Development News Politics Transportation

Financing Falling Into Place for $108M MLK Interchange Project

Planning and financing is progressing for construction of the $108M MLK Interchange, and project officials are hosting an open house Wednesday evening in Corryville to discuss the current state of the project.

Planning and financing is progressing for construction of a new interchange between E. Martin Luther King Drive and Interstate 71. The $108 million MLK Interchange will fill the most obvious gap in the area’s expressway system – zero access to Uptown from northbound I-71 and circuitous access from southbound I-71 via the William Howard Taft ramp.

The Taft and McMillan ramps will remain under the state’s current plans, but the new MLK Interchange will become the preferred point of access for the University of Cincinnati, Children’s Hospital, the Cincinnati Zoo, University of Cincinnati Medical Center and surrounding residential neighborhoods.

MLK Interchange Site
Martin Luther King Drive as it passes over I-71 presently. Photograph by Jake Mecklenborg for UrbanCincy.

In addition to the MLK Interchange, the Ohio Department of Transportation (ODOT) broke ground on the reconstruction of I-75’s Hopple Street Interchange. This project will reconfigure W. Martin Luther King Drive west of McMicken Street to meet Hopple Street on a new bridge above Central Parkway.

Two years ago UrbanCincy reported on these two transformative projects, planned for each end of Martin Luther King Drive, which will dramatically change the way motorists access the region’s second largest employment center.

The MLK Interchange has been the subject of considerable attention during the first half of 2013 due to the controversy generated by COAST when it worked to block Cincinnati’s Parking Modernization & Lease deal. The deal, which is now proceeding after a lengthy legal battle, was originally envisioned as the source for the $20 million local contribution to the interchange project.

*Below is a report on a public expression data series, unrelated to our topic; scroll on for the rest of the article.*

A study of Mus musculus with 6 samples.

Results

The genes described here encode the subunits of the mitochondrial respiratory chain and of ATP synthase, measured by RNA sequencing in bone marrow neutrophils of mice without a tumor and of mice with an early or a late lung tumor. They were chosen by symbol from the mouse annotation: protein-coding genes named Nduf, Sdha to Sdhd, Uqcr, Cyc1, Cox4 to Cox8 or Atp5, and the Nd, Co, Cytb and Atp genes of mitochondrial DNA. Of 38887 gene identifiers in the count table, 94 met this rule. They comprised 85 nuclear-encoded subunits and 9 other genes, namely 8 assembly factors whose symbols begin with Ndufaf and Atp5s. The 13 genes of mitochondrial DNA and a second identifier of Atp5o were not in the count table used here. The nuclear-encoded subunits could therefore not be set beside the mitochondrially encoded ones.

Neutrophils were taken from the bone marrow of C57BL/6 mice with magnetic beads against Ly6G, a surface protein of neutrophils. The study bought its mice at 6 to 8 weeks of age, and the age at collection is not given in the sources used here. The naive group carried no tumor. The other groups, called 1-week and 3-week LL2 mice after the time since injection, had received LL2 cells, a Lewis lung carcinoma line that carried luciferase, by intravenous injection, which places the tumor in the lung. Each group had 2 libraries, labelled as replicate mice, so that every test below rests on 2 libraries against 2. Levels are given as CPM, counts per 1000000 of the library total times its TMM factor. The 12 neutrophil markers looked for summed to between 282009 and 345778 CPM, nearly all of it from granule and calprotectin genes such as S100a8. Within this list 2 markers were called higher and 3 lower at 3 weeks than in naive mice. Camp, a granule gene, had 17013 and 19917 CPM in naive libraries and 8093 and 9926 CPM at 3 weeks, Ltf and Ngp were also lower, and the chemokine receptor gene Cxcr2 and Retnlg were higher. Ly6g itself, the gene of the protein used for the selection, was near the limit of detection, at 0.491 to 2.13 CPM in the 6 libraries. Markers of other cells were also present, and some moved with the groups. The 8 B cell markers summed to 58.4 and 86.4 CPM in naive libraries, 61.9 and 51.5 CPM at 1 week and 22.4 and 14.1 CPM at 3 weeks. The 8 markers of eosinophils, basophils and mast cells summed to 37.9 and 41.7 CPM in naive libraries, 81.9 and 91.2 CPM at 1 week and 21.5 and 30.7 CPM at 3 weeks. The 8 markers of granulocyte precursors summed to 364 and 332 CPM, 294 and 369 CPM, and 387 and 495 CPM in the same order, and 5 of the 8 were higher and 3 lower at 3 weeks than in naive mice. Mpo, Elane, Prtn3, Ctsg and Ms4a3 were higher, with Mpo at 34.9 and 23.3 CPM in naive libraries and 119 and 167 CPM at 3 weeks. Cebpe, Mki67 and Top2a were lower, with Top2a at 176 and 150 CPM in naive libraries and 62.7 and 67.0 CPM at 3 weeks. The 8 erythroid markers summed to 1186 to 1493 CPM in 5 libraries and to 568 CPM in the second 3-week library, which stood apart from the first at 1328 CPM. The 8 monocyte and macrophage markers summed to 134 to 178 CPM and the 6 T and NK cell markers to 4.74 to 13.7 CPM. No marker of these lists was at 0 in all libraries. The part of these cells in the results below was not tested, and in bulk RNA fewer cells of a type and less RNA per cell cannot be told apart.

In addition to blocking the parking deal temporarily, the injunction prevented the City of Cincinnati from passing emergency ordinances. This detail jeopardized the streetcar project, as it was timed perfectly to coincide with council’s need to allocate additional funds after construction bids returned much higher than expected.

MLK Interchange Preferred Alternative
Financing is beginning to fall into place to fund the preferred alternative for the $108M MLK Interchange. Provided.

In April, an effort led by COAST and City Council member Chris Smitherman (I) gathered the necessary signatures to place the parking lease ordinance on the November 2013 ballot. However, on June 12, the parking lease injunction was overturned by Judge Penelope R. Cunningham, wife of anti-streetcar and anti-parking lease 700 WLW talk host Bill Cunningham.

With the ballot issue avoided, streetcar and MLK Interchange planning resumed.

On July 9, the Ohio Controlling Board approved $4.2 million for property acquisition near the planned MLK Interchange in anticipation of a July 2014 start date for the project. Then, on July 22, Ohio Governor John Kasich (R) announced that a portion of his $3 billion lease of the Ohio Turnpike will fund the state’s contribution for the project.

The turnpike deal, which is similar in its strategy to Cincinnati’s parking lease, has hypocritically been spared the legal obstructionism of COAST or the criticism of talk radio hosts.

The City of Cincinnati is hosting a neighborhood meeting on July 24 at the Hampton Inn & Suites in Corryville at 3024 Vine Street between 5pm and 7pm. According the city, the meeting is “intended to guide the Uptown neighborhoods, institutions and city in visioning the future character and nature for the corridor.”

City officials say that formal presentations will be given on the half-hour, and that those who are unable to attend can still submit their comments or questions until Friday, August 2, 2013. Those wishing to submit their comments outside of the meeting can either email or send in written correspondence to the Uptown Consortium at 629 Oak Street, Suite 306, Cincinnati, OH 45206.

By Jake Mecklenborg

Jake Mecklenborg joined UrbanCincy in 2009, contributing original articles, photographs, and videos. He grew up on Cincinnati’s west side and graduated from St. Xavier High School in 1996. Jake went on to study at the University of Tennessee and Ohio University. His book, Cincinnati’s Incomplete Subway: The Complete History, was published by The History Press in 2010. He currently lives on Mulberry Street overlooking Over-the-Rhine.